Baba says, ‘the basis of self transformation is realization with an honest heart‘.
If I look back on my life with honesty, pretty much all the mistakes I made, big or small, were driven by a need for identity and belonging. Without identity and belonging, the soul is lost. I feel like an orphan in a large world where I have to ‘be someone’ to ‘belong to someone’ or something. In fact the very first question someone asks me is who are you and what do you do. Then, the mental evaluation follows as to whether I am worth spending more time on. Rejection, feeling sidelined by society is one of the most violent sanskars that a soul experiences and one it is extremely afraid of. I don’t like feeling like a nobody, unworthy of a second glance, of respect. I have to fit in, I have to belong….at any cost. And yes, I am not crazy about the world as it is, it doesn’t feel like a group worth belonging to but if that’s what we’ve got, then that’s where I need to belong. The rule is ‘survival of the fittest’ and so the hustle starts.
Then, my choices and life decisions are about one thing and one thing only – the need to be and belong. I become ready to essentially prostitute my values and my integrity to ensure I ‘win’ and then to ‘protect and guard’ that which I won.
- I grow up with elevated dreams that I have been passionate about but I sacrifice them for comforts, for financial gain because that’s what you got to have to show to the world.
- I ignore my values for social approval.
- I sell out to be with the popular crowd rather than be true to my inner values, to my uniqueness.
- I am willing to stay in toxic, abusive relationships because I am too afraid to be alone, of the unknown. I’d rather suffer in exchange for company.
- I am willing to smile and pretend to be ‘nice’ to someone solely because I need their help to get something or somewhere. I routinely manipulate others to gain an advantage.
- I fight tooth and nail over what is ‘mine’. For a beggar, every little scrap is precious. When someone with certain skills that I perceive to be superior to mine comes along, I feel threatened. I have a relationship with someone, a third person comes along and is friendly and I feel my territory was encroached upon.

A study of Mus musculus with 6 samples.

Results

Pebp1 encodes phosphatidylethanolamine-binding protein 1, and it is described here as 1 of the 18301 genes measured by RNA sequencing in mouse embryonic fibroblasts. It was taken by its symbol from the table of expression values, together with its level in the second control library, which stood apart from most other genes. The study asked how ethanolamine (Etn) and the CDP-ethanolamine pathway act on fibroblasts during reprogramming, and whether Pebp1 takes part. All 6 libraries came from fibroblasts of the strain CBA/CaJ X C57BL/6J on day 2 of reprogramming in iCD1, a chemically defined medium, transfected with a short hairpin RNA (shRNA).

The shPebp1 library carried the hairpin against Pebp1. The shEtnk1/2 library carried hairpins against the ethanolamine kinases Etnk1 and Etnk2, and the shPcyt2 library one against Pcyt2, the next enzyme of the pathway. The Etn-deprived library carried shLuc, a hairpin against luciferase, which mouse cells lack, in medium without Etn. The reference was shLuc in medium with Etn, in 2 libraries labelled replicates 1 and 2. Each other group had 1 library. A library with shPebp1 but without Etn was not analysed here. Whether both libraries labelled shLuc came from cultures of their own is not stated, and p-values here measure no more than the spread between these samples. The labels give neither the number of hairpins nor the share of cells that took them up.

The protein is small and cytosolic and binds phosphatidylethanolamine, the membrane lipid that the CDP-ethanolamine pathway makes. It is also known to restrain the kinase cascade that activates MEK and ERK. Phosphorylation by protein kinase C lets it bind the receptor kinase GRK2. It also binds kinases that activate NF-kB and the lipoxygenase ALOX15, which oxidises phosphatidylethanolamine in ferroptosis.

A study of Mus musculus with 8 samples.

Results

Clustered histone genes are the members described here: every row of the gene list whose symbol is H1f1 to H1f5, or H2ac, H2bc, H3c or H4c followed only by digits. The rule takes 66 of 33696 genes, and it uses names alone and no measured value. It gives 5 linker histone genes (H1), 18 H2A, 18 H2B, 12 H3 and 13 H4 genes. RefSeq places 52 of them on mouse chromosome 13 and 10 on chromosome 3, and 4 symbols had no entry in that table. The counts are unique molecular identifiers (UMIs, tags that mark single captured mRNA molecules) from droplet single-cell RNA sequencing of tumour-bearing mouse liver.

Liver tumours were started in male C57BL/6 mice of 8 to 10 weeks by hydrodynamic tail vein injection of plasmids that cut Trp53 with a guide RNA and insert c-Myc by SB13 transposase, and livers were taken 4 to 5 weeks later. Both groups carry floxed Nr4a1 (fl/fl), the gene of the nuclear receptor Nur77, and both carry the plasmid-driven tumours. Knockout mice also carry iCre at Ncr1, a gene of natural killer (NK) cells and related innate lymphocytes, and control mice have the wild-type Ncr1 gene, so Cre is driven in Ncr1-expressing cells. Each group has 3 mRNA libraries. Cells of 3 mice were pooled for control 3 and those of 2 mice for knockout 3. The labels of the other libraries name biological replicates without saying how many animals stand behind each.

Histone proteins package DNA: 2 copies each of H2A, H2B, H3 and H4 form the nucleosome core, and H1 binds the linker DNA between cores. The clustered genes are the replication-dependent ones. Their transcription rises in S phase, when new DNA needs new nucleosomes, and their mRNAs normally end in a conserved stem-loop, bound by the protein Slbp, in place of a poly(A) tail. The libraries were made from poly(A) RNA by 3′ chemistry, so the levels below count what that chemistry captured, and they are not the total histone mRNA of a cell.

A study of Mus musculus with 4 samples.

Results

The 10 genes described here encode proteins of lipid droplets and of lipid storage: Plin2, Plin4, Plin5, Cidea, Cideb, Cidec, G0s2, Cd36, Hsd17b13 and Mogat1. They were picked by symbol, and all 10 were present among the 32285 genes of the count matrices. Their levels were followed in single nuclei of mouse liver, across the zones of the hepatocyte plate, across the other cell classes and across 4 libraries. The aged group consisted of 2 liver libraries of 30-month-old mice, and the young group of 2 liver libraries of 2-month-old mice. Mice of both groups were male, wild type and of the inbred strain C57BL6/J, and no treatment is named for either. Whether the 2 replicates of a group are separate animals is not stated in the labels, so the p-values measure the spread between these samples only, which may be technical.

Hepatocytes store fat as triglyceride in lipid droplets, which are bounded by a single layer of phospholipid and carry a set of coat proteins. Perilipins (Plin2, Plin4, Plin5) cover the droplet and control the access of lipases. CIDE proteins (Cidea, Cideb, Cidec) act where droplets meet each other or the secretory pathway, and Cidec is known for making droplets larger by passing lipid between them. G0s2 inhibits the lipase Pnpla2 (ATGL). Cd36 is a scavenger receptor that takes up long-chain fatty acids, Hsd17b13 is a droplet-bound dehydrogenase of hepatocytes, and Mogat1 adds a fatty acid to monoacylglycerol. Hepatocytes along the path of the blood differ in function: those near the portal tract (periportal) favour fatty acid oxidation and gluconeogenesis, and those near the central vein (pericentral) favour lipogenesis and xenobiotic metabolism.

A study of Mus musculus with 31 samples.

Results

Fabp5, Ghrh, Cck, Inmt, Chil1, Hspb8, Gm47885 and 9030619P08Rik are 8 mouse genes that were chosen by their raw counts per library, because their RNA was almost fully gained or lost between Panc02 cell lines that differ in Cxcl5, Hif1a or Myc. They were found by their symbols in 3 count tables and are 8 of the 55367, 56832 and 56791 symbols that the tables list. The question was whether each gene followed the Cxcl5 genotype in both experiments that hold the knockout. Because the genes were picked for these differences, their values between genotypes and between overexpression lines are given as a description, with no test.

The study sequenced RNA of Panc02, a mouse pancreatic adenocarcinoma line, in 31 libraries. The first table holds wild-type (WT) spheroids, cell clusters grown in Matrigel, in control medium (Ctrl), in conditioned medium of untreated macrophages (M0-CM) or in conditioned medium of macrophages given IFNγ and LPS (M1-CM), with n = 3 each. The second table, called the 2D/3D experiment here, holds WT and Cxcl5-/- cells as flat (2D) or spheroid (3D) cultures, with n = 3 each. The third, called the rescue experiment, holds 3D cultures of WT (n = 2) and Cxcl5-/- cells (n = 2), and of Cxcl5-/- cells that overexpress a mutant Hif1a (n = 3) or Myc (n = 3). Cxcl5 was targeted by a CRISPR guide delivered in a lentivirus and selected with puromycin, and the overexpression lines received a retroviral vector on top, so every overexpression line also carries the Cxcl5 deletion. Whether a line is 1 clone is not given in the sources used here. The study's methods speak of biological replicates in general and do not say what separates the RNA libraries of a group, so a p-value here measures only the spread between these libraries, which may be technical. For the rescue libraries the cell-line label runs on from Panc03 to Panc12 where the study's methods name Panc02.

- I am also willing to do something unethical thinking: if I don’t do it, someone else will. So why not me! Sure, I might not rob a bank but I am okay to break confidentiality.
And each time, each and every time I was thinking the thoughts, about to take action, my intellect warned me- first, gently and then loudly. But I silenced it, I killed it…..I killed myself. I went further and further away from my truth until I could no longer recognize myself. I had no self-respect left, I hit rock bottom.
Baba comes and pulls the soul out of the abyss by giving me the two things I need- identity and belonging. Except, this time, it is true, it is eternal. ‘Remember‘, He says. The rest of the journey is one of self-realization and recognition. Only when I realize can there be transformation. The first transformation on day one, moment one: I am a soul and the Father is mine. The remainder is to realize what kind of soul. For this, The Father is my only reference point. Only when I can accurately discern i.e. realize Him can I become like Him which is to say, become myself. He is extremely subtle, I cannot see Him with these eyes. But that’s not the point. In bhakti, people put themselves through all kinds of hardships for a glimpse, for a vision of God. But what good is that, asks Baba. I don’t have to see, I simply have to realize and recognize. I have to know and experience.
Along the way Baba teaches me so much about myself, about Him and the Drama. ‘You already belong to the Drama’, He says. I don’t have to prove myself to be here on this earth. I have a role in this unlimited drama. As it turns out, it is the most elevated role as the helper of God Himself in the greatest task carried out in history – one of world transformation. ‘When you forgot who you are, when you walked away from yourself, when you fell, the world fell with you’, He explains. When I realize myself once again, the world will rise once again.
‘I cannot bear to see my children in so much sorrow, I cannot bear to see them labor‘, He says. Follow Shrimat and you will always remain safe, He says. My Shrimat is the canopy of protection under which no one can attack you. Throughout the journey, Maya will try various ways to tempt me back into the world of hustling for identity and belonging. She will try to convince me that respect is out there, that identity has to be earned. She will try to pull me away from myself and the Father again and make me belong to her by dangling flashy, but hollow and short-lived worldly attainments in front of me. And when that fails, she resorts to the lowest of all tricks- she tries to convince me that I have made way too many mistakes, that I am dirty, that I am not good enough for God.
But now, I know better. I have realized and recognized – myself, the Father and yes, Maya too. And with the power of this realization, I now make the right choice each time. I transform.